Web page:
First Michigan “Rail To Trail” is 50 Years Old
I was flipping through the channels the other day and stopped on an old 1963 episode of “Petticoat Junction.” It was about the railroad sending sour-puss V.P. Homer Bedloe to look into the long-forgotten spur between “Hooterville” and “Pixley” that featured the 1890’s vintage steam locomotive, the “Hooterville Cannonball.” It dawned on me that in the ’60s, there were a lot of “off-the-beaten-path” rail lines that would soon be killed off by the nation’s new highway system.
I remember one that went through the tiny 4-corners of “Doster”, Michigan. It served the Doster Lumber Company. Another went through the tiny long lost farm community known as “Argenta”, also east of Plainwell in Allegan County. By the ’60s, they were barely in use, and we kids thought it was pretty silly that the bus driver still stopped for them.
As any hiking and biking enthusiast in Michigan knows, many of those old rail lines found new life, as they were perfect for conversion to trails. One of the best-known is the Kal-Haven trail, on the old rail line from Kalamazoo to South Haven. But, the first one in Michigan was opened 50 years ago.
Ron Rademacher of Michigan Back Roads says The Haywire Grade Trail in the Upper Peninsula’s Schoolcraft and Alger counties. It opened in 1970 after the Manistique and Lake Superior Railroad, known as the “Haywire Line,” ceased operations. The line was used for hauling lumber through the U.P.'s white pine forest from 1898 to 1968. Haywire is now one of 130 rail-trails in the state that combine for 2,462 miles of recreational trails, according to Rails to Trails.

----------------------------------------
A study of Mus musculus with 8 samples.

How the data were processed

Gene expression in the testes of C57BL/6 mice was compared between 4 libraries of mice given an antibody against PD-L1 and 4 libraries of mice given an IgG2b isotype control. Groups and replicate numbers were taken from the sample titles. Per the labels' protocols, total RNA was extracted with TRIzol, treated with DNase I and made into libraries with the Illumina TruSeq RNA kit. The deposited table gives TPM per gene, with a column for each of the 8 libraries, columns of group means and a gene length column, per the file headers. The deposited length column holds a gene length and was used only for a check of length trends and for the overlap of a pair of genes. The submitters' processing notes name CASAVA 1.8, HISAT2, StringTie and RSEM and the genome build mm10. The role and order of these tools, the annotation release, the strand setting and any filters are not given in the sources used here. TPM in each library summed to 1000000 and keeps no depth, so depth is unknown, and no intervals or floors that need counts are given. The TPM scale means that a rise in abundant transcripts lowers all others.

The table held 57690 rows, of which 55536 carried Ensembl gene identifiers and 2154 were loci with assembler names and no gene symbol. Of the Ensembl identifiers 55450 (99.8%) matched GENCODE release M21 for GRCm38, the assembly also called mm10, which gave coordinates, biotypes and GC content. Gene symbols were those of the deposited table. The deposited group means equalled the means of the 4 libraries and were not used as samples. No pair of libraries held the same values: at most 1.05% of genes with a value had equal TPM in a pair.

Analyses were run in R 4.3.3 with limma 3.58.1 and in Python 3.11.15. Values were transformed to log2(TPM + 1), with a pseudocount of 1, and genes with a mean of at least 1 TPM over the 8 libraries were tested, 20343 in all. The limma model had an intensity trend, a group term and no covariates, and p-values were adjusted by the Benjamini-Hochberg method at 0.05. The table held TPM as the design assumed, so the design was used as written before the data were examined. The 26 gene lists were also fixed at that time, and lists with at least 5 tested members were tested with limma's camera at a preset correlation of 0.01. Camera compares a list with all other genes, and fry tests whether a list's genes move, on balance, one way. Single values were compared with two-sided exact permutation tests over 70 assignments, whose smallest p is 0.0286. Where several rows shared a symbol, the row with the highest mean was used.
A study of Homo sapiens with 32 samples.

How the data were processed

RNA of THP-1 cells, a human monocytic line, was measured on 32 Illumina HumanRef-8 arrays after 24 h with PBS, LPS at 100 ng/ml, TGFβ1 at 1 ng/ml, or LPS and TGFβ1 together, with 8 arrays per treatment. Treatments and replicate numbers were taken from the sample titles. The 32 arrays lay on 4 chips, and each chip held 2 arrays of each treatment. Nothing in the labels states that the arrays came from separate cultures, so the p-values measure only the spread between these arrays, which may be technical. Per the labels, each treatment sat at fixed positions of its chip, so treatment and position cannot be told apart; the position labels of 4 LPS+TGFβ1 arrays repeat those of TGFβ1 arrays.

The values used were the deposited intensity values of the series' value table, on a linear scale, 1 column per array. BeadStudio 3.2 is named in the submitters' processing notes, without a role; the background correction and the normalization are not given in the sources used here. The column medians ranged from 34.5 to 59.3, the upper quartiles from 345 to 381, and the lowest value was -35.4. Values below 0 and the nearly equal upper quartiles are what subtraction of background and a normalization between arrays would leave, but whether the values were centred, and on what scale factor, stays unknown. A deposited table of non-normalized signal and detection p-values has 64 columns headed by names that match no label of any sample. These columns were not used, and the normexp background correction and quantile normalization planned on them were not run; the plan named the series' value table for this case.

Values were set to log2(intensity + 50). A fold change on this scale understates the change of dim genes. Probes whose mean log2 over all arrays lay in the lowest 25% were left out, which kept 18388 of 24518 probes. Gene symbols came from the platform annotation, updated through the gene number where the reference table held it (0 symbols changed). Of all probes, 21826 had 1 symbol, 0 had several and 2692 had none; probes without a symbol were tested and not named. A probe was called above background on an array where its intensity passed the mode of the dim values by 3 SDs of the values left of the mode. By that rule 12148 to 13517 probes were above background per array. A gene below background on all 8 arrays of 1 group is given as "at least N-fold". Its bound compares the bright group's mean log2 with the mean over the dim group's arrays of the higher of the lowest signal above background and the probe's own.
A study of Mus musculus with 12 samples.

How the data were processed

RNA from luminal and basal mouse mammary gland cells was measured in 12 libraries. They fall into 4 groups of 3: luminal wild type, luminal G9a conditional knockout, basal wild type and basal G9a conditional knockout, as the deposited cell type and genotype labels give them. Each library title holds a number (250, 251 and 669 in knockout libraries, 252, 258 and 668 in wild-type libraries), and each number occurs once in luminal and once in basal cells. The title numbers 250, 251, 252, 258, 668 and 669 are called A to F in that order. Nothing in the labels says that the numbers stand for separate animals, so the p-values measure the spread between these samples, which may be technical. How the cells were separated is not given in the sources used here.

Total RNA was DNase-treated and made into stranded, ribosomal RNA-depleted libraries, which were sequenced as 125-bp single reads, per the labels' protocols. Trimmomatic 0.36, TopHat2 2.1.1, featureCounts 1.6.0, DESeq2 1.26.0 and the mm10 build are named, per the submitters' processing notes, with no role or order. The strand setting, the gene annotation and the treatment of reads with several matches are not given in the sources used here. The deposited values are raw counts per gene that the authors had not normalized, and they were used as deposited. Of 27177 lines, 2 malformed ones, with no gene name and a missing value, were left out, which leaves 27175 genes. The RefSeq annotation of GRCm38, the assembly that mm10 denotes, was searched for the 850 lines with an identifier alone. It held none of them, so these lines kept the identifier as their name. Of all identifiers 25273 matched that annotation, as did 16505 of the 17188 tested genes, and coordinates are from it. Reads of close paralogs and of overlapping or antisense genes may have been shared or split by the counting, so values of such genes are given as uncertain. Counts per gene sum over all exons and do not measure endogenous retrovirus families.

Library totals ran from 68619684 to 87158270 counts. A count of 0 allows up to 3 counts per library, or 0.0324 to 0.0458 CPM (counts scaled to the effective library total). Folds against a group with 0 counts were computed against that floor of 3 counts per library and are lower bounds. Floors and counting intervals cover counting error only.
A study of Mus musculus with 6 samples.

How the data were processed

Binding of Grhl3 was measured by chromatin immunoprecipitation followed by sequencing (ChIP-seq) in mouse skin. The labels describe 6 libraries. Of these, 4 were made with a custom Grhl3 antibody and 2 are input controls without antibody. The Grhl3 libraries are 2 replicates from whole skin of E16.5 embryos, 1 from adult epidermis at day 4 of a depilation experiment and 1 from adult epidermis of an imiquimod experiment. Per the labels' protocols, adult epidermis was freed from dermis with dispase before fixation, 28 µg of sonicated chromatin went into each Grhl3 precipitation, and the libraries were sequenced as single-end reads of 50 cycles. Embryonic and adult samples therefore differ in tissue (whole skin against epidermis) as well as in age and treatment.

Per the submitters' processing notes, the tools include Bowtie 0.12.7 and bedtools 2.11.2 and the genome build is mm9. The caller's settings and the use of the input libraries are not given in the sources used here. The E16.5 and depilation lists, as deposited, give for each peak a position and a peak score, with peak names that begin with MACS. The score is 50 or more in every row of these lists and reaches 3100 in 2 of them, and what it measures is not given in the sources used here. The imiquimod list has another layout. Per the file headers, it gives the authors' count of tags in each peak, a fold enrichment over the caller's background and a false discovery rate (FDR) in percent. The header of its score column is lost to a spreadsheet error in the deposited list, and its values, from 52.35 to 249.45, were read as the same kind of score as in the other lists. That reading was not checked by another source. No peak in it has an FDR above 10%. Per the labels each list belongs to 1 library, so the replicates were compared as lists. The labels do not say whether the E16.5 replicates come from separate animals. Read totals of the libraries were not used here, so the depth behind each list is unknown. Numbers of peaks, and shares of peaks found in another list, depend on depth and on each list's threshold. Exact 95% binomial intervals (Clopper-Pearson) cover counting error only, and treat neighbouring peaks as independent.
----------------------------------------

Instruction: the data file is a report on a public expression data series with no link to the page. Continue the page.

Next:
The trail runs from M-94 south of Shingleton to the Water Intake Plant in Manistique on a surface of gravel, dirt, and sand; about 33 miles. It also includes ballast from the old rail bed upon which it runs, making travel difficult for bikes and horses in some spots. The multi-use pathway is primarily used by ATV riders in summer and snowmobilers in winter. The trail is also open to mountain biking, hiking, and horse riding.
Ron says the trail traverses miles of 2nd growth forest across great distances with nothing but towering trees, wildlife, abandoned settlements, and solitude. A couple of towns are still in existence from the old days. Steuben, for instance, where there is a small store to get supplies. At one point the trail passes by the abandoned airfield, Steuben Landing Field, deep in the Hiawatha National Forest. At several stops along the trail are interpretive signs describing the structures and activities that were here and are now lost to history. One of those is a building sitting in the forest. Its walls are made of 2 x 12’s stacked to make 12-inch thick walls. The entire building is clad in metal. Ron says the building was designed to house the dynamite used by road-building and forest-clearing crews in the 1930s. He says now and then, you can find these buildings throughout the U.P.
To celebrate the 50th Anniversary, four commemorative rides are planned, each based on one of the four main trail activities. ATV/ORV riders have an event, Snowmobilers will have one, this is the backbone of the entire Upper Peninsula snowmobile system, there will be an event for the Equine enthusiasts and one for bicycles.
Parking at the north end of the trail, Shingleton, can be tricky. You have to park about a quarter-mile from the trailhead near the Tanglewood Inn. Parking is no problem at the Manistique end and there are other outdoor opportunities like a ramble on the boardwalk on the shore of Lake Michigan or go fishing at Indiana State Park or launch your kayak on the new kayak launch on the river.